Emergency workers should never be taken for granted
THEY ARE the people you hope you never have to call, but are on standby in case you do. They turn up every day to be abused, punched, stabbed, kicked, spat and puked upon.
In a split second, they can also soothe, calm, counsel and save lives.
The men and women of the emergency services never know what their day might bring, from the routine and mundane to the truly horrific or terrifying.
So it really does get my goat when I hear of these frontline workers, who put their lives on the line for every one of us on a daily basis, being the target of stringent cuts in money-saving measures.
Talk to most paramedics, firefighters or gardai, and some of the experiences they go through on a monthly basis would take a lifetime for most people to forget.
And behind it all, these are ordinary men and women like you and me, doing extraordinary jobs.
Getting called out to a road traffic accident could mean cleaning up slight cuts and grazes (minor injuries as us journalists call them) or having to be faced with the worst of 'life-threatening' or 'fatal injuries.'
I write the words every day - you read them - yet the men and women who crew the ambulances, man the fire tenders, patrol the garda cars, rush the victims though our crowded Emergency Department and attempt to mend the shattered lives, get to experience the full force of the incident, the blood, the screaming, the horror, the devastated families.
Surely no amount of training or years can erase those memories when your head hits the pillow at night, and whatever amount of money is being paid is not nearly enough.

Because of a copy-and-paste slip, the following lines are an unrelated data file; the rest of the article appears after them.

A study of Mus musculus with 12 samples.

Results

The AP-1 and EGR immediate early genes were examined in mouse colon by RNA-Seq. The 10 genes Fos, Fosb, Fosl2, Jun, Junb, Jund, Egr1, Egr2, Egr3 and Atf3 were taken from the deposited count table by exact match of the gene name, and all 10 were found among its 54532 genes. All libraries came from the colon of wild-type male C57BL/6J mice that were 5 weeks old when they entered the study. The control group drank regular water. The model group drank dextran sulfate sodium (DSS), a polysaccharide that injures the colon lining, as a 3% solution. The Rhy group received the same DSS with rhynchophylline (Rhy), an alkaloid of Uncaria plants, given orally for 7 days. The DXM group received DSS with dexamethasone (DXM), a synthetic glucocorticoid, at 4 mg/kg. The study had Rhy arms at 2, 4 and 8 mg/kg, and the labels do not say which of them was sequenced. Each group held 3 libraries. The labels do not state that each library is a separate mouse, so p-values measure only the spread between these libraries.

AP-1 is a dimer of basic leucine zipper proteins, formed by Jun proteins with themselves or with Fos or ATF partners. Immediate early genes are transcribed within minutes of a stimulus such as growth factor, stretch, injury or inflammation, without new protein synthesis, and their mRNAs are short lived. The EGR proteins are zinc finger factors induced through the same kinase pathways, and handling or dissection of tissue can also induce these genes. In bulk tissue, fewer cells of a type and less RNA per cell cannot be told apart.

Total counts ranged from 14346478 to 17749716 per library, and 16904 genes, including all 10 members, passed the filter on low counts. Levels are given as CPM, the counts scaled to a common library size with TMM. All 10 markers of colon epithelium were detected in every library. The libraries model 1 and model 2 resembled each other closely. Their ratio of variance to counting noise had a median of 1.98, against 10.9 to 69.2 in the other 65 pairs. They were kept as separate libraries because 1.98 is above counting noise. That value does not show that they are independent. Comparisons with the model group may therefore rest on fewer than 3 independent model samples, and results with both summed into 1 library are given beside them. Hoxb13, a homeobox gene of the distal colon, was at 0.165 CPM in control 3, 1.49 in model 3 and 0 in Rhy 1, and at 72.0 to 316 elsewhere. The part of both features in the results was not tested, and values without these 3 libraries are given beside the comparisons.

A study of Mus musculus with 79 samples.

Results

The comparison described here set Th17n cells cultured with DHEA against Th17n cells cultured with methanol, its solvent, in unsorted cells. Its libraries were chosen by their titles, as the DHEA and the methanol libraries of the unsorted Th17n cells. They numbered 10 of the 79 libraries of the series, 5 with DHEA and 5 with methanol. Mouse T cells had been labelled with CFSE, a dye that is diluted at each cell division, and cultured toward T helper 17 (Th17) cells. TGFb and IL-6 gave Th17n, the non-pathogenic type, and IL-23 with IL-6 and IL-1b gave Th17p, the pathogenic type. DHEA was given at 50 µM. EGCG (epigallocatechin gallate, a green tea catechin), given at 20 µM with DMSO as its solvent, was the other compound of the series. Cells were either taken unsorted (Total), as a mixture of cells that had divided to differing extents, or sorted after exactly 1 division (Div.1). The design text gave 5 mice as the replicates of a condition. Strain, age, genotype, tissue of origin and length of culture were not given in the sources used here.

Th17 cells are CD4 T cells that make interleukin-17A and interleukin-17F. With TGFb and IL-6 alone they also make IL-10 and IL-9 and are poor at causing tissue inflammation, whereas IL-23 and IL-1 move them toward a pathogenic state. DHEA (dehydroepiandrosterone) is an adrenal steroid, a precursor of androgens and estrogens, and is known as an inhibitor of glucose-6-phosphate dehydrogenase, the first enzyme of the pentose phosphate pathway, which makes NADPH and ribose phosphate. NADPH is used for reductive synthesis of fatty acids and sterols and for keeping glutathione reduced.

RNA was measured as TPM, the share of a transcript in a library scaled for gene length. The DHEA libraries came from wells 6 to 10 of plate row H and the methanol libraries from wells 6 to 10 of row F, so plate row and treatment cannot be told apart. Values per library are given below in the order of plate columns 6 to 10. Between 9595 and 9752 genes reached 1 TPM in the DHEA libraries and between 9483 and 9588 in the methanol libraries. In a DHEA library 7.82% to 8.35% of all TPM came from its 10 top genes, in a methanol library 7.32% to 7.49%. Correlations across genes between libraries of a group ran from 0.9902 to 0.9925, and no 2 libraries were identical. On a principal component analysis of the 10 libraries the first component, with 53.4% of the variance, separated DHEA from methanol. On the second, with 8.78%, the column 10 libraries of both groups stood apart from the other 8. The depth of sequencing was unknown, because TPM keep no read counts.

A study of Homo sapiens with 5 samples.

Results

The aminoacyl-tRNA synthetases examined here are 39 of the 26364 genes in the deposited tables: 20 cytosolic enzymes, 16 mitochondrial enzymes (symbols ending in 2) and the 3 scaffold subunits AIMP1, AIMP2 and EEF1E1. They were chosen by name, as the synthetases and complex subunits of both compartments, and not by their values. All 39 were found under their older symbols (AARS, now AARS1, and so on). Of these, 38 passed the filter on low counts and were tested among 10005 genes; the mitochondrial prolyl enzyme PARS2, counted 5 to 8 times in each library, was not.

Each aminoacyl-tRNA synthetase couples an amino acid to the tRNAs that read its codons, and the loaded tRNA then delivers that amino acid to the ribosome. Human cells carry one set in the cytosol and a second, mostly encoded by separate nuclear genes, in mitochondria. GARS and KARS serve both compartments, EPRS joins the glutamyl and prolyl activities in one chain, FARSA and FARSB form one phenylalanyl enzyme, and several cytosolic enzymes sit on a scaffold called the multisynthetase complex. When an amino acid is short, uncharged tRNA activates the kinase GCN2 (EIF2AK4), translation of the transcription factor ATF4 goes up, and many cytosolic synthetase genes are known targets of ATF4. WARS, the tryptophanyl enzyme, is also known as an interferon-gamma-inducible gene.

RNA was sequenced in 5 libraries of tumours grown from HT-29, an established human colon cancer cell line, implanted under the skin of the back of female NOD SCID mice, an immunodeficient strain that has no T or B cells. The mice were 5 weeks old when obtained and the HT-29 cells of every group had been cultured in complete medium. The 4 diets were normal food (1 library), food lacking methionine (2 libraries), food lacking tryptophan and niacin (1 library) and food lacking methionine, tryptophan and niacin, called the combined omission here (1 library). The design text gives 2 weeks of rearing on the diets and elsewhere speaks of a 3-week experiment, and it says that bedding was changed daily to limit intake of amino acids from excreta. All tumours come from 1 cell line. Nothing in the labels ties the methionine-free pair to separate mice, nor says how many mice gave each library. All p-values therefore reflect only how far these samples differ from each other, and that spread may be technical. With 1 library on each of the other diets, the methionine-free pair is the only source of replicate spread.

The Department of Justice is on the hunt for €60m in savings from the gardai payroll alone over the next three years. Our streets are getting more dangerous by the day, yet rural stations are being closed and manpower stripped from bigger stations instead of being stepped up. It really doesn't make me feel any safer knowing that if I am the victim of a crime or am sick or injured, whether or not someone will come when I call could be like the roll of a dice.
Because they are not always part of our day-to-day lives, it could be all too easy to forget the work that the emergency services actually do, and take it very much for granted.
They are the airbag that never goes off in the car, but we need anyhow - the insurance we pay and may never use.
Members of the two garda associations were among the 4,000 nurses, gardai, prison officers, paramedics and fire fighters protesting at the Basketball Arena in Tallaght last week.
With any luck we may never have to call on the services of this particular body of workers, but if we do, wouldn't you like to know that they were available, ready for work and being paid properly to save your life or the life of your loved one.
THE ST Patrick's Day Committee in Drogheda has done sterling work for the past upteem years getting this annual event off the ground and onto our streets each March - there's no question of that.
But is anyone else livid that the biggest town in Ireland is unable to have a parade through its main street because someone made a hames of the layout.
I know much has been written on this topic on the pages of this newspaper, but from my own point of view, the magnificent parade along West Street was a true highlight of the year.
The steps of St Peter's would be black with people, and it was three deep along the Golden Quarter Mile.
Who could forget the Abel Alarm floats that used to make their way down from Dublin for the day, to sail their way majestically across our proud street, a street which we are told would grind to a halt if a milk float tried to traverse it?
I watched a gigantic coach round the corner of West Street and Shop Street on Sunday night and it was cumbersome but not impossible.
I ask one more time, is there really no way a parade could cross our main street in safety, allowing the St Patrick's Parade to return to some semblance of its former glory?